Improving the LYS Button with AI-driven Discrepancy Modeling

16 Nov 2022

Hi, I’m Forrest Webler, Ph.D. and Chief Science Officer at LYS. I’m excited to share our biggest update to the LYS Button in years. In this update, we’ve improved the accuracy of the LYS Button, introduced new values like mEDI, and updated our tech specs with useful resources for grant writing, and data analysis just to name a few.

Metrology (the science of measurement) has always fascinated me. In fact, one of my first published papers is written on this topic. The idea that humans associate symbols with physical quantities and phenomena are, on its own, truly remarkable. Furthermore, the ability to claim, beyond a reasonable doubt, that two things are indeed different could be argued to be the origin of science itself. Thus, the ability to measure quantities precisely is a prerequisite for discovery.

Early description of a cubit rod (one of the earliest measuring devices) from the Museo Egizio of Turin
Early description of a cubit rod (one of the earliest measuring devices) from the Museo Egizio of Turin

At LYS we seek to enable discovery in fields as diverse as sleep and circadian neuroscience to early childhood development and dementia care by providing a tool for measuring light. Officially launched in 2017, the LYS Button has been widely adopted by researchers and practitioners alike across 53 countries including some of the world’s most prestigious institutions including Harvard Medical School, University of Oxford’s Nuffield Department of Clinical Neurosciences, and the WELL living lab. In light of our ongoing commitment to all our clients, we strive to improve our products.

LYS Technologies

When I joined the LYS team as CSO, I wanted to revisit the Button a half-decade on and see if we could apply new methods in signal processing and artificial intelligence to improve the resolution and type of data output from the sensor. Measuring light may seem intuitive, yet limitations in electronic component manufacturing place strict limits on the amount of information that can be extracted from the types of compact integrated circuits we use to design small compact wearable sensors. I wrote a paper deep diving into this topic that can be accessed freely here. To circumvent these challenges, we have implemented changes to the software that processes the raw output from the Button.

The approach we took is based on Discrepancy Modeling. In many physical systems, there are sometimes observations that fall outside of a mathematical model much to the chagrin of engineers. While these discrepancies have been historically written off as errors, applied mathematicians have since questioned if there is value in attempting to find systematic patterns within the errors to improve model accuracy. While this may sound intuitive, the difficulty in isolating hidden deterministic patterns in seemingly random residuals was immense prior to the ubiquity of deep learning today.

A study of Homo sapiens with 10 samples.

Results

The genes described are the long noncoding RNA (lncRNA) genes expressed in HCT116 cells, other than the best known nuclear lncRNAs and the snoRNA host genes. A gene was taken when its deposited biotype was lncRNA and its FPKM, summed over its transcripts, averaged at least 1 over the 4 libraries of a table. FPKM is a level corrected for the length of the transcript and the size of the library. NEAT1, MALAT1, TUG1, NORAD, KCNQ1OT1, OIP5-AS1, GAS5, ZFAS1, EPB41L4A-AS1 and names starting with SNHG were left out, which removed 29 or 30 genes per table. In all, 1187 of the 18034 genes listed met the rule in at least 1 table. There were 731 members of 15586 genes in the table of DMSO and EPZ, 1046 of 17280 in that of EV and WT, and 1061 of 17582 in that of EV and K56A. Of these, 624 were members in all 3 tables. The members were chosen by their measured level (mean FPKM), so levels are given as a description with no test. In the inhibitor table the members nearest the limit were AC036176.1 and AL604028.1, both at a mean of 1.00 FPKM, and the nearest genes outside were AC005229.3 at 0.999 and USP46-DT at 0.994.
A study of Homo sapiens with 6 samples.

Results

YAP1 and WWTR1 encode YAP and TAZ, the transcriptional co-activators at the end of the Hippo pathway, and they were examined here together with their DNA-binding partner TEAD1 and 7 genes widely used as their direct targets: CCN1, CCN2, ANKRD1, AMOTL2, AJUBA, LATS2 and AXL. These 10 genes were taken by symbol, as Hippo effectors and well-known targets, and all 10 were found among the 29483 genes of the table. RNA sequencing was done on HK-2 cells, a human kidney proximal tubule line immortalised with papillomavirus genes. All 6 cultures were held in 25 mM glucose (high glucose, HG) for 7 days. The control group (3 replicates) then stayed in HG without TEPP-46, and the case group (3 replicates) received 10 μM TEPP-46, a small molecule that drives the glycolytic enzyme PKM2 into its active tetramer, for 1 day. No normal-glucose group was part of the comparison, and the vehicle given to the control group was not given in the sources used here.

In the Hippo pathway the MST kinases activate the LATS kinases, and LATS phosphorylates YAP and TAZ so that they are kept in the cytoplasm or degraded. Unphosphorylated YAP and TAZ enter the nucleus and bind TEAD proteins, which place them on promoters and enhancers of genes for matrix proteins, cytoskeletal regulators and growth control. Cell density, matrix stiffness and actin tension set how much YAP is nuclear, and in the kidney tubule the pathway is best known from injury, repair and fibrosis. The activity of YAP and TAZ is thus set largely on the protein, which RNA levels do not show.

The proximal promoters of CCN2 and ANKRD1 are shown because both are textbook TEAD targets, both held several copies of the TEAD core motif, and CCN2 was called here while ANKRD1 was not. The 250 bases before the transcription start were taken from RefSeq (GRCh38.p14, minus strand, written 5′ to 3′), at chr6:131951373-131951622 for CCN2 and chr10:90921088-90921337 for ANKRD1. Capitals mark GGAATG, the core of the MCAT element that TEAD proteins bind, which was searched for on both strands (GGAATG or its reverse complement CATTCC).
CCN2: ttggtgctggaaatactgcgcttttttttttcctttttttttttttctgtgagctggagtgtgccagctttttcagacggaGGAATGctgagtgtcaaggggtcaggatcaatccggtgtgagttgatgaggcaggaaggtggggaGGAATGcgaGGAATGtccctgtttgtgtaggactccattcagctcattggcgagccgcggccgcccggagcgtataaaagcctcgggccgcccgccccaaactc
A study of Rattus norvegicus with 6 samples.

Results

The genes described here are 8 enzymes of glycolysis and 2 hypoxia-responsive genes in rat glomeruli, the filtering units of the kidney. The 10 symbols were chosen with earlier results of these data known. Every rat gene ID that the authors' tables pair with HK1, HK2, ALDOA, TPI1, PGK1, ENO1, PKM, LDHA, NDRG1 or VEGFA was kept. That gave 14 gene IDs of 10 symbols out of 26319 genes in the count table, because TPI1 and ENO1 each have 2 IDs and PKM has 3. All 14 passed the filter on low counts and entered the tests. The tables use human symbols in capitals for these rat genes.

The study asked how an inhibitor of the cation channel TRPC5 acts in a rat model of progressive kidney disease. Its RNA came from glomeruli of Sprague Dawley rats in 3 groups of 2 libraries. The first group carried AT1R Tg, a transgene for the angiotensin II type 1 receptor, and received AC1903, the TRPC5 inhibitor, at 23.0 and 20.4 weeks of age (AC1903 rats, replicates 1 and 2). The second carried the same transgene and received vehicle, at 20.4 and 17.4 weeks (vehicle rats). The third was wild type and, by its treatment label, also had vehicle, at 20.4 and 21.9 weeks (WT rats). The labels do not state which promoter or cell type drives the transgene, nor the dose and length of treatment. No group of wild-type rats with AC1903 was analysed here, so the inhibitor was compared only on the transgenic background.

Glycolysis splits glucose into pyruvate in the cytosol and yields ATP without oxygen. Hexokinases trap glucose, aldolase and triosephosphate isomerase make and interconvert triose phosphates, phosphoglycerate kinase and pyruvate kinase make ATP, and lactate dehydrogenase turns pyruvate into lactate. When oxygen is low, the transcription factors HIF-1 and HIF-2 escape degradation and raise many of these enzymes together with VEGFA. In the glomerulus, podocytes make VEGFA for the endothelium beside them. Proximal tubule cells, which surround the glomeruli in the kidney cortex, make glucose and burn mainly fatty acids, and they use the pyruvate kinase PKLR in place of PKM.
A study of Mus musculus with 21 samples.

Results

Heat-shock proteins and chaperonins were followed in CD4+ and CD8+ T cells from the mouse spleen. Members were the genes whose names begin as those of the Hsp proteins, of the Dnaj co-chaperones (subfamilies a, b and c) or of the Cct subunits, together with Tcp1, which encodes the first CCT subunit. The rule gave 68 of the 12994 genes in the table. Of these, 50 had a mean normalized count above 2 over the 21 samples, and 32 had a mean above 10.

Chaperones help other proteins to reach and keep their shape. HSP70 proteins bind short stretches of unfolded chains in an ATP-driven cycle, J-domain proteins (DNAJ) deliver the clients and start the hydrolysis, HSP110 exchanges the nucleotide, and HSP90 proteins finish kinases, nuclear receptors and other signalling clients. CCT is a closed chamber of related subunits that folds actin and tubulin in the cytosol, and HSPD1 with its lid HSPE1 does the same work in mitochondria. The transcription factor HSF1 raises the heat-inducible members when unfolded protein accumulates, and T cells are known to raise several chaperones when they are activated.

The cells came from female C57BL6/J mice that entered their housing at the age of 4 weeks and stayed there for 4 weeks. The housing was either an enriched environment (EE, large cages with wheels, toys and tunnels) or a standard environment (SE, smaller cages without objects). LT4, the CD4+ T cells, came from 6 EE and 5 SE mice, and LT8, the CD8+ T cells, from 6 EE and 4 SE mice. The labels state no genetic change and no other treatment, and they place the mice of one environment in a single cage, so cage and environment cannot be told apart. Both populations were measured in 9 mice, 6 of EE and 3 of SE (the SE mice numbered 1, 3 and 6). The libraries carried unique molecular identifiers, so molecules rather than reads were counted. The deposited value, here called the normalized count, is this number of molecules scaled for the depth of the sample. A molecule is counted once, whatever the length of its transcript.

In the case of the Button, we wondered if we could account for some of the observed variation in the illuminance measurements by adding a discrepancy model to our existing model. Since the Button does not measure illuminance directly we have to compute it from the tristimulus channel data.

Where Ev is illuminance in lux, f is a function of the raw sensor output x = [R, G, B] and E is the measured error. With discrepancy modeling, we can “absorb” some of the error into a new discrepancy term by identifying unknown additional relationships between the channel outputs and measure illuminance. In this case, our model becomes

where N is the remaining unexplainable error or signal noise. Because we now have a model g that accounts for a portion of the original error, we can improve our measurement accuracy leaving the only unknown variable of noise as a source of variation in our measurement accuracy.
While this approach may appear deceptively simple, the challenge rests with finding the discrepancy term. Unlike f which is typically provided by the sensor manufacturer, the discrepancy term g can be a complex non-linear relationship between inputs and desired target outputs. For this reason, researchers in the field of discrepancy modeling have promoted the use of deep neural networks. We go one step further to maximize interpretability by adding a step called Symbolic Regression that essentially “converts” our learned neural network model into an interpretable equation that can be easily coded using conventional scientific computing software.
This approach means that the more data we collect with LYS Buttons the better and more accurate they will become. By updating our discrepancy model periodically we can ensure that we are living up to our mission of delivering the highest quality and innovative product solutions to all our customers.

All relevant technical documentation can be found in our Technical Specifications – download them here. If you want to try out the LYS Button, please find our research sample package here.

I personally hope you will enjoy our latest update and please contact us if you have any questions or book a demo of the LYS Button.

About the LYS Button

Since 2017, the LYS Button has been a reliable and compact tool for researchers and practitioners alike. As our first product, the Button remains near and dear to our hearts at LYS. It reminds us of the importance of sharing awareness of the light environment to educate about the need for healthier light indoors and daily exposure to natural light outdoors.